I stood in the ashes of my childhood.


Now, instead of campers and counselors, its inhabitants are maintenance and security staff, EPA and insurance inspectors. No one is sure of the future of the camp.

Fire has nipped at the heels of most of my childhood retreats. Years ago, much of Camp SWIG suffered the same fate. It was sold off. The Yosemite fires nearly consumed Camp Mather, and Strawberry Bluegrass Festival may never return to that magical home. I remember when flames have threatened Brandeis-Bardein Institute in Simi Valley.

And in this year, fire has consumed homes of many I hold near and dear. Farms, animals, livelihoods. Some will rebuild. Some will leave it all behind. I weep for you.

These reflections, on physical space in rubble, weigh heavy on my understanding of Community. That is, the people that are bound together by some invisible or physical space: common belief, shared experiences, family bonds.

The most powerful of these forces is the physical venue. Shared space allows for repeated exposure, nostalgia. In the nooks and crannies of outdoor retreat, in particular, a sense of ownership builds a deep connection to the land.

Community, in the digital realm or ultra-temporal shifting festival circuit, lacks ownership. Rare is the place with permanence. Like in so many movements before us, the call back to land ownership is being answered all over the world (NuMundo catalogs so many of them including Heartland and Trillium).

But repeated fires remind us that neither land ownership nor standing walls protect communities from the wild. Ravaged, one day, it will all burn down. Through fire or erosion, we, and our memories, disappear.

In our earlier evolutionary states, we could not so much as leave a community without suffering a deep sense of loss, and potentially, death. To the modern observer, the idea of excommunication or exile seems a bit silly: just find a new home. It didn’t used to be so easy.

The state of being separate, Other, or cast away were once deeply traumatizing. It still is. So many of our decisions are based on avoiding the pains of Shame, Loneliness, and Disconnection.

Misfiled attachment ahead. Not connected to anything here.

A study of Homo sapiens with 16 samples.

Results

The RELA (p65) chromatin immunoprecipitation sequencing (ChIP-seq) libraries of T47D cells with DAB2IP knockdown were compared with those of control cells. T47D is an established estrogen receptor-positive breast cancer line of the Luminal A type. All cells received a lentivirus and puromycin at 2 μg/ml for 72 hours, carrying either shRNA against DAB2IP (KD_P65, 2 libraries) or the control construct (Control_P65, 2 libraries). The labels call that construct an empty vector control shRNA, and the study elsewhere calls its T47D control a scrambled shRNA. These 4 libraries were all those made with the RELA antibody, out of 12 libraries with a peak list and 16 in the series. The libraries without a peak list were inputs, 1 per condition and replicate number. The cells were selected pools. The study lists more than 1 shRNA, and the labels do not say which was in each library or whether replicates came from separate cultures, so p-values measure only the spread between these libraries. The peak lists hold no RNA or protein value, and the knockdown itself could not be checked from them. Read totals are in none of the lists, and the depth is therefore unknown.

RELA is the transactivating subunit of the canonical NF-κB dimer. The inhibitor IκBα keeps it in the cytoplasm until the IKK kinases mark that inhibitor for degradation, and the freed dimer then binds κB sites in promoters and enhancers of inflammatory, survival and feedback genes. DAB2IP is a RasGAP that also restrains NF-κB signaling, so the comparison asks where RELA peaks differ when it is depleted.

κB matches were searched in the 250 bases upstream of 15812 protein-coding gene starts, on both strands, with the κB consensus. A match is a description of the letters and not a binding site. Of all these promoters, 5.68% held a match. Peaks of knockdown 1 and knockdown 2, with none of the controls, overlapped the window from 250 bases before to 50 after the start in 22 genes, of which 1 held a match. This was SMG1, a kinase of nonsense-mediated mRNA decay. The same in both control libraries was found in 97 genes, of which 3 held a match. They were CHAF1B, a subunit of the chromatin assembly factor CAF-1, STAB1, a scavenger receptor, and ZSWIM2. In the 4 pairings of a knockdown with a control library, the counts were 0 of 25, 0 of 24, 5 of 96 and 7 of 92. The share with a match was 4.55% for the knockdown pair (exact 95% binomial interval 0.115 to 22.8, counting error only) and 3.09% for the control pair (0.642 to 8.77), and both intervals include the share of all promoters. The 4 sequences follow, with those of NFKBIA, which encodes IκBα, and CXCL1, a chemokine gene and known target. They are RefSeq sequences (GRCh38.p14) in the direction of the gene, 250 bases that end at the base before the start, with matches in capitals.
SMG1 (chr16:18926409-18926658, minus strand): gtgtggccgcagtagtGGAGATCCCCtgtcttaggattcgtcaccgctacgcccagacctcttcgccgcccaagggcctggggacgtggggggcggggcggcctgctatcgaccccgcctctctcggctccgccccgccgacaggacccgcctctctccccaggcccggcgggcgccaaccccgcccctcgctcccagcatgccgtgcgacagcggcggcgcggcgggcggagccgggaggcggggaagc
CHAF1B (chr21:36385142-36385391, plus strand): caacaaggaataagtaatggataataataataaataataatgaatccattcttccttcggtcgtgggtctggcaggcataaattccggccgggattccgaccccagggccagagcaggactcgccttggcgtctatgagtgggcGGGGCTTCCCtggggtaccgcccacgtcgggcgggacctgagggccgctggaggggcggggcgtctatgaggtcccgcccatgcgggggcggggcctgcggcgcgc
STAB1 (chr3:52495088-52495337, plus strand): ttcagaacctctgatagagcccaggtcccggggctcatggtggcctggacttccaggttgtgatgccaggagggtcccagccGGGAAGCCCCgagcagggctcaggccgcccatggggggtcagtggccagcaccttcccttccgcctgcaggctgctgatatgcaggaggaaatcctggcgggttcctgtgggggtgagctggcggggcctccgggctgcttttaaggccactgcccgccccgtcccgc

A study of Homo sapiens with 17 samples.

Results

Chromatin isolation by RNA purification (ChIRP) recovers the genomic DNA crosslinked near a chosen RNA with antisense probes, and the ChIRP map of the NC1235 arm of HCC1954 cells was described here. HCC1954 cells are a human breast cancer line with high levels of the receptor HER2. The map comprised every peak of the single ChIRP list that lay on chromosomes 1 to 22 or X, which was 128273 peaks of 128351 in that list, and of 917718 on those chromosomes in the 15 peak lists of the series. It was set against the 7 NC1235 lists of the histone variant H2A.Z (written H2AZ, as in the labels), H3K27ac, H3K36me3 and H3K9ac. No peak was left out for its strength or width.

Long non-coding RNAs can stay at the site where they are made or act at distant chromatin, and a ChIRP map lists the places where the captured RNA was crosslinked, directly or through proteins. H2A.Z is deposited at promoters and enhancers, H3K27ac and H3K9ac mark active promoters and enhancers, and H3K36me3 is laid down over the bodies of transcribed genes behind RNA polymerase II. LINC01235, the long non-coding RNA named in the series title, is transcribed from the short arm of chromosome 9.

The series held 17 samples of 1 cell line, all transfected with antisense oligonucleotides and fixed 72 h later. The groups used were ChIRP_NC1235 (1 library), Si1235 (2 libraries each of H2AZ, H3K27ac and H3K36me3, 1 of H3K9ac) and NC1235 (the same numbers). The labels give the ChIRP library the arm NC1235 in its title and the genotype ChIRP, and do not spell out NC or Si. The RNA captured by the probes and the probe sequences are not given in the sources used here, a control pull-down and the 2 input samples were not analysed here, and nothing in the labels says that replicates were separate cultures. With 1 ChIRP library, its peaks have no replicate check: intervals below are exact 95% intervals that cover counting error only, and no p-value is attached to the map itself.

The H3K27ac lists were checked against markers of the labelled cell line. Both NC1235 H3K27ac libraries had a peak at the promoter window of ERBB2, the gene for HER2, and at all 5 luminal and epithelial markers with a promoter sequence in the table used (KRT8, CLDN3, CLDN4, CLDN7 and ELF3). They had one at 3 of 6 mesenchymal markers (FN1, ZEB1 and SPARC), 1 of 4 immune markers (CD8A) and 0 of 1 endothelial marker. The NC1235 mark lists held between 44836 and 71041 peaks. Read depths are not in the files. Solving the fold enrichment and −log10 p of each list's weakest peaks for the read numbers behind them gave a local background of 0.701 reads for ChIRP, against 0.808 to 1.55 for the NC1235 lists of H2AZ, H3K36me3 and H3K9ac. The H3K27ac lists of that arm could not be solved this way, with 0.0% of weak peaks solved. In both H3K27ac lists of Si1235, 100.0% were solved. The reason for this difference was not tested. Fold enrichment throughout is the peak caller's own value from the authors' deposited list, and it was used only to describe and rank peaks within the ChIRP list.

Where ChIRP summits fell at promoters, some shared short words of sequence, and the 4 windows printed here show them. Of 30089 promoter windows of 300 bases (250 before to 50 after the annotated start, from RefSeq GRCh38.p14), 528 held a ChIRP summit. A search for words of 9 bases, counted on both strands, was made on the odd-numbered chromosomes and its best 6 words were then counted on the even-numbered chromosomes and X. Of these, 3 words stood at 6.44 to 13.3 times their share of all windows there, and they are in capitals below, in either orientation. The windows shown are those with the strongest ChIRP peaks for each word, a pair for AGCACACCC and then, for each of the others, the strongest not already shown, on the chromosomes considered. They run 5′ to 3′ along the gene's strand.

When we avoid it, when we pretend like we are calloused from the pain of disgrace, we’re being delusional. We’re showing strength when what’s needed is weakness. The fear of loneliness, of being without Community, is built into our DNA, and when we deny its force, we delude ourselves.

Memory is not tradition.

When homes burn down, and especially the communal spaces that we return to in retreat, we lose a place where we feel welcome, where we can be ourselves, where we can reconnect with the selves that we discovered beyond our normalness. We lose the shortcut to center and we must start anew, often without the physical realms that we once traversed in our own personal journeys.

This is the place I kissed her. This is the place we fought. This is where we all held hands under the stars and I realized that I was one of many.

Now, our social networks give a sense of continuity: those that we knew one place are still in our lives. The memories, in pictures or thoughts, live on. They flood us in their significance, but they don’t sustain us. Memory is not tradition. One is past, one is present. You don’t mourn a memory, you mourn the tradition which is no longer available to you, to sustain you, to keep you at center.

Even if it was many years ago, the loss of physical retreat dizzies us. Grief is the realization that you cannot return.

The idea was always that you could come back and be reminded. But you can’t go back. You can only start over.